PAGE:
If You Build A Data Center Will Tenants Come?
If you build a data center, will they come?
That question is up for debate within the commercial real estate community.
Location, cost of power, a highly skilled workforce and cool weather make the Seattle area, as well as the whole Cascadia region, a top pick when it comes to data storage.
“The significantvalue-add for Oregon and Washington with data centers is hydroelectric power,” Westin Building Exchange strategic planner Michael Boyle said.
Still, it is tough to justify the investment in a data center without an anchor tenant lined up.
Boyle said typically it makes sense to have a planned data center one-half to one-third leased before commencing on construction. The exception may be eastern Washington, where construction costs may be lower than Seattle. Its inexpensive land and energy prices are also a factor.
The amount of data being shifted from in-house storage to the cloud is staggering, Vantage Data Center Vice President and head of marketing Steve Lim said.
“We know that there is a need for new centers,” he said. “But we haven’t built anything speculative yet in Quincy.”
On the other hand, a data center takes at least a year to build, and often it is more like 16 to 20 months. And location is a key factor in the decision. Therefore, speculative building may make sense.
“Not many customers have that long of a planning cycle,” he said. “They need it before that.”
Vantage Data Centers is one of several firms that run data centers in Quincy, the small eastern Washington town near the Gorge amphitheater. There, the cost of power is 3 cents a kilowatt, compared to 10 cents a kW in a part of Santa Clara, California, not served by PG&E, he said. Santa Clara is home to Vantage Data Center's second facility.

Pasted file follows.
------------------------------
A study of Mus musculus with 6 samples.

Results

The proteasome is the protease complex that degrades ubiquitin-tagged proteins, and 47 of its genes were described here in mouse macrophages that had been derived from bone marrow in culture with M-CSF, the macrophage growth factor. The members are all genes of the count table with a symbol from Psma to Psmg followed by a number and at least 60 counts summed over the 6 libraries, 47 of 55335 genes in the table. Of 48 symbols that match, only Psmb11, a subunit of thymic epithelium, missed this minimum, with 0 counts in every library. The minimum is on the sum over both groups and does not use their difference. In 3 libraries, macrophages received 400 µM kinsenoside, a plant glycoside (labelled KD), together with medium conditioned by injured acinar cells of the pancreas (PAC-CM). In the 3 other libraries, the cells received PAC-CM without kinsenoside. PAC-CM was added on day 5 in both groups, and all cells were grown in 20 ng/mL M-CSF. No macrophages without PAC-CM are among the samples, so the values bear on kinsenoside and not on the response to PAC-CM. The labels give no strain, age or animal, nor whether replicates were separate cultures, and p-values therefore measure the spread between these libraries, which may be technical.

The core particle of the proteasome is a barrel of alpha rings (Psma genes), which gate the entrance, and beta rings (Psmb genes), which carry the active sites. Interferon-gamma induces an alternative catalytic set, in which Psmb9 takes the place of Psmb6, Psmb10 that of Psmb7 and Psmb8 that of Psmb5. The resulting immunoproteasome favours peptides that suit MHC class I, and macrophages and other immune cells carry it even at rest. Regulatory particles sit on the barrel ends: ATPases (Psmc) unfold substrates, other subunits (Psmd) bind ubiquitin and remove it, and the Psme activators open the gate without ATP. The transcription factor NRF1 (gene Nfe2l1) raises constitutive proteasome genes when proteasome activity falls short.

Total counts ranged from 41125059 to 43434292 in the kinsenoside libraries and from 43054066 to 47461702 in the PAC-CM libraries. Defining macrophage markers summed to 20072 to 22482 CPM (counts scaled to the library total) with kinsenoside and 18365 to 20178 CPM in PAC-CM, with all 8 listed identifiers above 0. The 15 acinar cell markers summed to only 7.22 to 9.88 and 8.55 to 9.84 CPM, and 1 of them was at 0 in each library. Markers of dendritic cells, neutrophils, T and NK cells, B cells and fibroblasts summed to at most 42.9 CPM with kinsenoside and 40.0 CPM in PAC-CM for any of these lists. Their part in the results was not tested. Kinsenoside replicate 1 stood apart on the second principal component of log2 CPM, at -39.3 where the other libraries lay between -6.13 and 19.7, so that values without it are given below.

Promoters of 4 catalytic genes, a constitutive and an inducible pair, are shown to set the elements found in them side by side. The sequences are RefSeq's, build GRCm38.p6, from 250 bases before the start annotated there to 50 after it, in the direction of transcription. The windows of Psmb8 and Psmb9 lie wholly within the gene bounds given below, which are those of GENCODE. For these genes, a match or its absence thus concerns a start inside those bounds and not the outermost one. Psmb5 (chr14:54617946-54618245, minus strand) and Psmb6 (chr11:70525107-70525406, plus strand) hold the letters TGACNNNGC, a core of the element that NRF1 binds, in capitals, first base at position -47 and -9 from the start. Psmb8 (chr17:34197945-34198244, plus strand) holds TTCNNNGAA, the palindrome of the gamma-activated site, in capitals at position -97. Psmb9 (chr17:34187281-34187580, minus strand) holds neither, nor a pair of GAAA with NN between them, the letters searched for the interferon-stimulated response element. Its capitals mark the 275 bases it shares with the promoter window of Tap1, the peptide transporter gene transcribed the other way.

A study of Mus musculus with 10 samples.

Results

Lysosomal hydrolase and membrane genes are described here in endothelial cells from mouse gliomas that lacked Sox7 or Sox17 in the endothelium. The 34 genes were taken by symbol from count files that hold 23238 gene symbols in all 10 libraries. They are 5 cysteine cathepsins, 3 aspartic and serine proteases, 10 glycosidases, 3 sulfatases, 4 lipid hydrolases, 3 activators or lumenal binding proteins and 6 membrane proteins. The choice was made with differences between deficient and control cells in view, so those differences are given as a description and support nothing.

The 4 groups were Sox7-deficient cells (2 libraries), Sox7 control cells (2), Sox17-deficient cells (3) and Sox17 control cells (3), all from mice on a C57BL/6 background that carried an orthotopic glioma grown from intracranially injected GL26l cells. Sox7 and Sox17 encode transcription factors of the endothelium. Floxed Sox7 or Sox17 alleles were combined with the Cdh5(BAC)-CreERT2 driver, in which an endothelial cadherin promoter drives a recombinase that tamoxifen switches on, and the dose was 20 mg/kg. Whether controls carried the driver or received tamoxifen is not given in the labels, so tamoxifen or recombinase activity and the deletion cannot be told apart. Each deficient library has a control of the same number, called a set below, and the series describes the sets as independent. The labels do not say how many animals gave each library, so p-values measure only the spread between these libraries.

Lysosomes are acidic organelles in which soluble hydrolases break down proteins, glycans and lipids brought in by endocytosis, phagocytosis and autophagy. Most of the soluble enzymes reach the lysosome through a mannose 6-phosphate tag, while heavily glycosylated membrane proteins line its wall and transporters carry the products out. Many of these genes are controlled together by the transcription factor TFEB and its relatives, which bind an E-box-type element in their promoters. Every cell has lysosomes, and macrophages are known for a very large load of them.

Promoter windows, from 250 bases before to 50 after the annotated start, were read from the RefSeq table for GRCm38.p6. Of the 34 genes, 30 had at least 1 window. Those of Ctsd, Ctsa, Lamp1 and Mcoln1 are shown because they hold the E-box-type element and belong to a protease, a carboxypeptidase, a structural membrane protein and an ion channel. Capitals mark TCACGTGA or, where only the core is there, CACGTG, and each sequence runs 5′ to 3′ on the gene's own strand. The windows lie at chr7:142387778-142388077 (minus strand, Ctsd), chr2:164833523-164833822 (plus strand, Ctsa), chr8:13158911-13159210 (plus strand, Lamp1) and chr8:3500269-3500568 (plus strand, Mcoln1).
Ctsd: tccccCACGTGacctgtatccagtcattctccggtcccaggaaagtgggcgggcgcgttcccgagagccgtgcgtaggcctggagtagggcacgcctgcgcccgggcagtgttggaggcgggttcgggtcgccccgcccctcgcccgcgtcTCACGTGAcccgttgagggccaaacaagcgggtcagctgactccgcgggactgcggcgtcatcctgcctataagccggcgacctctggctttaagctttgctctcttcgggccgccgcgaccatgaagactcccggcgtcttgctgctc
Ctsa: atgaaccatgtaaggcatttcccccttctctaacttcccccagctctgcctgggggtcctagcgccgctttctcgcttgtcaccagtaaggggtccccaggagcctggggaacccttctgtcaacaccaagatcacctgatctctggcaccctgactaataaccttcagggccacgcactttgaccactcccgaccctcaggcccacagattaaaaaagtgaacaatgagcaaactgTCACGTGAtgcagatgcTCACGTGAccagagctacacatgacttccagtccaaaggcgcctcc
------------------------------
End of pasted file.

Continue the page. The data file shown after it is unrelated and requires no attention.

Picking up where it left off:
Meanwhile, the Pacific Northwest’s proximity to countries like Asia and Australia decreases the latency time, which is measured in milliseconds. Latency time is important, especially in e-commerce.
Latency — the time it takes for data to transfer from a storage center to a user’s device — becomes important when dealing on a global scale. Seattle’s proximity to the coast, as well as its northern location, makes it an ideal middle ground in which to store data.
Due to all these factors, Seattle is considered to be one of the nation's top data center markets.
The highly skilled workforce attracts similar companies to the area, Boyle said. It is not uncommon for data companies to settle in the area and poach employees from the competitors.
Hear more from Boyle and Lim and other data center experts at Bisnow's Data Center Investment Conference & Expo, Northwest, April 25, at the Westin Seattle.